Monday, March 12, 2012

Bishop Olmsted teaches on the Propers of the Mass

His Excellency Bishop Thomas J. Olmsted, bishop of Phoenix, has been teaching on the topic of sacred music for the past four months in his column in the Catholic Sun. The four-part series, entitled Singing the Mass, has considered sacred music from the standpoints of liturgical theology, historical development, and inculturation. And now, in his final installment, he offers to his diocese and to all U.S. Catholics clear and practical points on how to sing the Mass.

The following are the four parts of his series, Singing the Mass:

In the final installment of his series, Bishop Olmsted describes the parts of the Mass that are meant to be sung according to their degree of importance, as they are described in the 1967 instruction Musicam Sacram.

Here are a few excerpts, although you should read the entire thing, and encourage all you know to do the same: (emphasis added)

The Order of the Mass is the fundamental and primary song of the liturgy. It forms the part of the Mass that is of the greatest importance, and therefore it should be sung ideally before any of the other parts of the Mass are sung. When the Order of the Mass is sung, the liturgy becomes most true to itself, and all else in the liturgy becomes more properly ordered. The Order of the Mass is set to be sung in our new English edition of the Roman Missal. I strongly urge all priests and deacons to learn these chants and to encourage and inspire the faithful to join in their singing with love and devotion.
The recent English edition of the Roman Missal itself has given us a "standard" musical setting of the Ordinary in the form of simple English and Latin chants, including musical settings of the Creed. While the Ordinary of the Mass may be sung in the vernacular, the Second Vatican Council mandated that "steps should be taken so that the faithful may also be able to say or to sing together in Latin those parts of the Ordinary of the Mass which pertain to them" (SC 54).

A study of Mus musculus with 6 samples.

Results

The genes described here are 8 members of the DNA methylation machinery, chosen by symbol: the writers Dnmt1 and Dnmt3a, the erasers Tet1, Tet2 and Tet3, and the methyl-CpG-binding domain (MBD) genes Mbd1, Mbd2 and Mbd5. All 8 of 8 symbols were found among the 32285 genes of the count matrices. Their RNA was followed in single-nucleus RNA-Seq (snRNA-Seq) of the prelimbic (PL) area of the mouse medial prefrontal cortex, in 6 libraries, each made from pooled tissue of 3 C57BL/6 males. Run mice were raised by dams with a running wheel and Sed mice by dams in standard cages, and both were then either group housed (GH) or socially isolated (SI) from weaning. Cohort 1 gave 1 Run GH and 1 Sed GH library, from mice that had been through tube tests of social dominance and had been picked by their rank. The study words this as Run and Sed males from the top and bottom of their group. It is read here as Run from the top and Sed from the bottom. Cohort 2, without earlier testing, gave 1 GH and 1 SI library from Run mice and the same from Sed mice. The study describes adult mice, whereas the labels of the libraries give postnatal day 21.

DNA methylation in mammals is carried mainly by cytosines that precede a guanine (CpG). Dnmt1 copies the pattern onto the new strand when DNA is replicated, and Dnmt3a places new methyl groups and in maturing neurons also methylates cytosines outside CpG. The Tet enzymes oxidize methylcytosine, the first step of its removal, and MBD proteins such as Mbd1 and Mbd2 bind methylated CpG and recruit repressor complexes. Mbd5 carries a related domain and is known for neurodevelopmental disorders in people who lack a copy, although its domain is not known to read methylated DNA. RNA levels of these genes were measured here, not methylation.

The Proper of the Mass, comprising the chants of the third degree, form an integral, yet often overlooked part of the sung liturgy. The Proper of the Mass consists of three processional chants and two chants between the Lectionary readings. These parts of the Mass, contained in the Roman Missal and Graduale Romanum, are unlike the Order of the Mass and the Ordinary of the Mass in that they are not fixed and unchanging from day to day, but change according to the liturgical calendar, and therefore are "proper" to particular liturgical celebrations.
Here we find the Entrance Antiphon, Responsorial Psalm (or Gradual), the Alleluia and its Verse, the Offertory Antiphon, and the Communion Antiphon. While the Proper of the Mass is subordinated in degree of importance to the Order of the Mass and the Ordinary of the Mass, the texts of the Mass Proper form perhaps one of the most immense and deeply rich treasure troves in the sacred music tradition. (...)
The texts of the Proper of the Mass, especially the Entrance, Offertory and Communion chants, are comprised of scriptural antiphons and verses from a psalm or canticle. This is the form of the texts given in the Roman Missal, the Graduale Romanum, and the Graduale Simplex, the Church's primary sources for the Proper of the Mass. (...)
The texts of the Proper of the Mass, while of lesser importance than the texts of the Order of the Mass and the Ordinary of the Mass, form a substantial and constitutive element of the liturgy, and I encourage a recovery of their use today. We are blessed to have in our day a kind of reawakening to their value. In addition, many new resources are becoming available that make their singing achievable in parish life. I strongly encourage parishes to take up the task of singing the antiphons and psalmody contained within the liturgical books, and to rediscover the immense spiritual riches contained within the Proper of the Mass.

I do not believe that we have received so clear a teaching on sacred music from a member of the U.S. Episcopacy, and on what we should be singing at Mass, in perhaps 40 years, maybe longer.

Thanks be to God for Bishop Olmsted's clarity on the musical structure of the Roman Rite, and on the hierarchical nature of the music that is proper to the sacred liturgy. In times when there seem to be many missed opportunities to address more fully the music that is sung in the liturgy, we have here a clear and authoritative statement from a member of the US Conference of Catholic Bishops who seems to be stepping forward into a leadership role in the US episcopacy on matters of liturgy and sacred music.

Let us pray that the Lord will use Bishop Olmsted's teaching to bring clarity to the liturgical and musical lives of parishes in the US, and further the ongoing liturgical renewal that clearly moving forward in the life of the Church.